Stormy Simon knows what it takes to change minds and build a brand. As VP of Branding for Overstock.com, where she started as a temp, Simon oversaw the company growth from 250 million dollars in revenue to 500 million at a time when most Americans were too afraid to shop online.
After a successful, highly influential career in e-commerce Simon decided not to rest on past accomplishments but enter the world of legal cannabis, where she spent the past few years learning all she could about the plant while sharing what she knows about how to convince people to try something new.
She’s currently on the board of both High Times Magazine, one of the oldest brands in weed, as well as CannaKids, a relatively new organization out of California that aims to provide medicine and support to parents who choose cannabis for their children’s medical needs.
The Splimm Team caught up with Simon to talk about what she feels are the biggest challenges for cannabis consumers at the moment, the increasingly available research, and why cannabis offers a chance for empowerment.
Why were you drawn to High Times?
Stormy Simon: Well I’m on the board of High Times. You know it’s interesting, because they were just purchased in March of 2017, so you’ve got new management, a great plan, a booming industry, and it’s like how to protect what’s been built when you’ve got a 45-year-old company. And they’re moving it from New York to LA, so a lot’s happened. They have real dreams for this company. It’s exciting to be apart of it. It’s a 45-year-old brand in cannabis, and that’s so special.
You’re also on the Board of CannaKids. Was it helping children that first attracted you to cannabis or was it something else?
SS: It was something else. Once I decided I was leaving Overstock, I had a lot of opportunities in e-commerce, some great opportunities in e-commerce. But Overstock is a good opportunity in E-Commerce. So why would I leave something that I was doing to go do it somewhere else?
But I was following Colorado, and so when they went rec [allowed for adults over 21 to legally purchase cannabis], having come from e-commerce [at a time when] the industry was booming and evolving and we were developing things that stuck forever, cannabis became more and more appealing to me. I appreciate the plant, I use it for my own medical benefits, and I was using it before I even understood why I was using it.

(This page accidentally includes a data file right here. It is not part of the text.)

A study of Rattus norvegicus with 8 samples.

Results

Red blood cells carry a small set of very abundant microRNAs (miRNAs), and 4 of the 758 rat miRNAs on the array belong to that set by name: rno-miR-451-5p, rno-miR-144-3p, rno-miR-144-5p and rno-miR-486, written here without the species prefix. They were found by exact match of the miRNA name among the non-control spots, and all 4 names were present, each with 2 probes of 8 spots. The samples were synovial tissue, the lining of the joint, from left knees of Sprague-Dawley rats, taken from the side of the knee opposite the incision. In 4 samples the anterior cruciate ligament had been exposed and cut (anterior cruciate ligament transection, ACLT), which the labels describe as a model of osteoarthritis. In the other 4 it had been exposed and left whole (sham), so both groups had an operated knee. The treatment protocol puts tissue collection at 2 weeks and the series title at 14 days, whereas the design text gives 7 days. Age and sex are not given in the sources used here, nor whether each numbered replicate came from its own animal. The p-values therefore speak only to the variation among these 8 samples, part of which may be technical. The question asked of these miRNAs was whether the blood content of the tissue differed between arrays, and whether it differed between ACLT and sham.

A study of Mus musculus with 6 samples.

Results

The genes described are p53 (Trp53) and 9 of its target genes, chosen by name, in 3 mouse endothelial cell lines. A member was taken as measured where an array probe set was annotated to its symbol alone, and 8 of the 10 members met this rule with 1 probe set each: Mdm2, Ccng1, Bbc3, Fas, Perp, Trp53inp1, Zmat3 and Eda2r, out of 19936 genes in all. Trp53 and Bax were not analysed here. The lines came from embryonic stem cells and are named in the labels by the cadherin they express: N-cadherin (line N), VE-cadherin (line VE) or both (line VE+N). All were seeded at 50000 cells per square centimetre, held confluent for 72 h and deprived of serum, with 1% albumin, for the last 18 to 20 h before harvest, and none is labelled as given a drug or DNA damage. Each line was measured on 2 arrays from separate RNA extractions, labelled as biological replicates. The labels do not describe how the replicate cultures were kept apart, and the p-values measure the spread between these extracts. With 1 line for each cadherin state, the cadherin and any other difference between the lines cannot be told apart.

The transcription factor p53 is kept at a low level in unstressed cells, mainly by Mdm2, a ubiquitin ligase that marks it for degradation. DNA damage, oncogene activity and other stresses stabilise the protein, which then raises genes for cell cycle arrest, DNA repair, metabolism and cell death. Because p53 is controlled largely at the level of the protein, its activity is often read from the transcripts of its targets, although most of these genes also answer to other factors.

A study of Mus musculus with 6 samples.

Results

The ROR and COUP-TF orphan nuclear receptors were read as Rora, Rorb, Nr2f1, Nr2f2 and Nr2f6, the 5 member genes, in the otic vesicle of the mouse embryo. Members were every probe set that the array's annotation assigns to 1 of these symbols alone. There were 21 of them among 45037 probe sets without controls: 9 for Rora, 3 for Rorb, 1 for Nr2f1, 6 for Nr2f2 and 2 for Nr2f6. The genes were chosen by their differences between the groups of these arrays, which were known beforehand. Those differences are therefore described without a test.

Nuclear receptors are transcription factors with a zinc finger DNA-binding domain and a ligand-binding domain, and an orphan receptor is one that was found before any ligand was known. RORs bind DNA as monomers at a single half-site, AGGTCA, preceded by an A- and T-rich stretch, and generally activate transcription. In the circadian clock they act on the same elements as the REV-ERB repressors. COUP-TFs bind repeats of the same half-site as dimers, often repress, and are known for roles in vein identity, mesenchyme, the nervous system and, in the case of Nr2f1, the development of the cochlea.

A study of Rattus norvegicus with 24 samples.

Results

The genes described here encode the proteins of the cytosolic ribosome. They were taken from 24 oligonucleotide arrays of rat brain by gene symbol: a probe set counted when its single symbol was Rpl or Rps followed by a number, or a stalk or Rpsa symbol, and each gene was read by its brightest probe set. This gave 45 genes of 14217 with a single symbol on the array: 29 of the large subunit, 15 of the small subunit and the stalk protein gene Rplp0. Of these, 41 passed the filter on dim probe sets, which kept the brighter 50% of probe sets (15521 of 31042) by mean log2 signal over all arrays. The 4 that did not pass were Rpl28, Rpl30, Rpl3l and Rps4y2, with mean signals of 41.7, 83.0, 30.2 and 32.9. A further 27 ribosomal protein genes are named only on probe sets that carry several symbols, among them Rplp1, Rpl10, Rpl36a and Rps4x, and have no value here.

So when I came in and thought I’m really going to get intimate with his plant, and build a big brand maybe, what I learned was about real illness. And real science that has been applied and already been done, but you had to search for it. And to think even two years ago how much more buried that information was! Colorado’s really helped bring this thing to light with the recreational use.
What do you feel is the biggest obstacle facing parents who want to use cannabis right now?
SS: As I learned and met these mothers, learned about these children, it became a passion and a conversation that I realized people were a little shaky to have. They were shaky on it. I feel like it’s a conversation that has to be started, and we’ve got to break down this fear.
Really what are we afraid of? When you think of what we’re doing already, we’ll take our kid right into the dentist, we’ll shoot them up with Novocain, we’ll knock them out. Then we’ll video tape them waking up, saying the funniest things. And when we talk about cannabis we say, “but will your child get high!” I think of those videos, and I think, well okay, maybe they do, maybe they have to. What science is proving about this plant, it’s not exclusive to adults. And we easily adopt morphine and things that are already proven to cause bad addiction and death and really heavy harm to the body. But we are afraid of plant that grows out of God’s green earth. The conversation stops short because of this preconceived belief system we’ve had about marijuana. And when you talk about it with children, you break a lot of barriers quick. [You start to ask] does high mean healing?
Why do you think a parent might choose cannabis over a more traditional treatment method, like prescription drugs?
SS: A lot of these medicines, for ADHD or anything else, they’re highly addictive. But because it’s a prescription, we accept that instead of empowering ourselves. And that’s what this cannabis and children [movement] is. Their parents empowering themselves and saying: I’ll take this into my own hands, I’ll educate myself and I’ll administer my own medicine to my child. I’m not sure what the fear is, if it’s judgment. But the people I talk to who question it, their child’s not sick. When your child’s sick I think you do desperate measures.
And I don’t find this to be desperate. I find it to be accessible and something we should do, openly, and without condemnation.
Even for adults: ‘I need sleeping pills, the stress is too much.’ And that’s fine. But don’t judge me if I choose a plant.
If an adult is considering cannabis, either for their own health or the health of their child, what’s the most important thing they can do?
SS: If the government said tomorrow you can get this now, people would blindly go do it. And they’re waiting for the government to educate them as well. But you don’t need the government to educate you. The information is out there. There is already science. You don’t have to wait for that 10 billion dollars in research so that you can get your medication at 5,000 dollars a month. There is a way to explore this for a lot less money.
I think when it comes to being that parent, I don’t think you have to do that anymore. You can reach out to an organization like CannaKids. You can have a conversation with a nurse.
Educate yourself. That’s the key. That’s the message. Did I join this for the money rush? No. I’m a very big advocate and believer, and if I can get 10 people to change their minds – or at least open it a little bit – then it was worth leaving Overstock.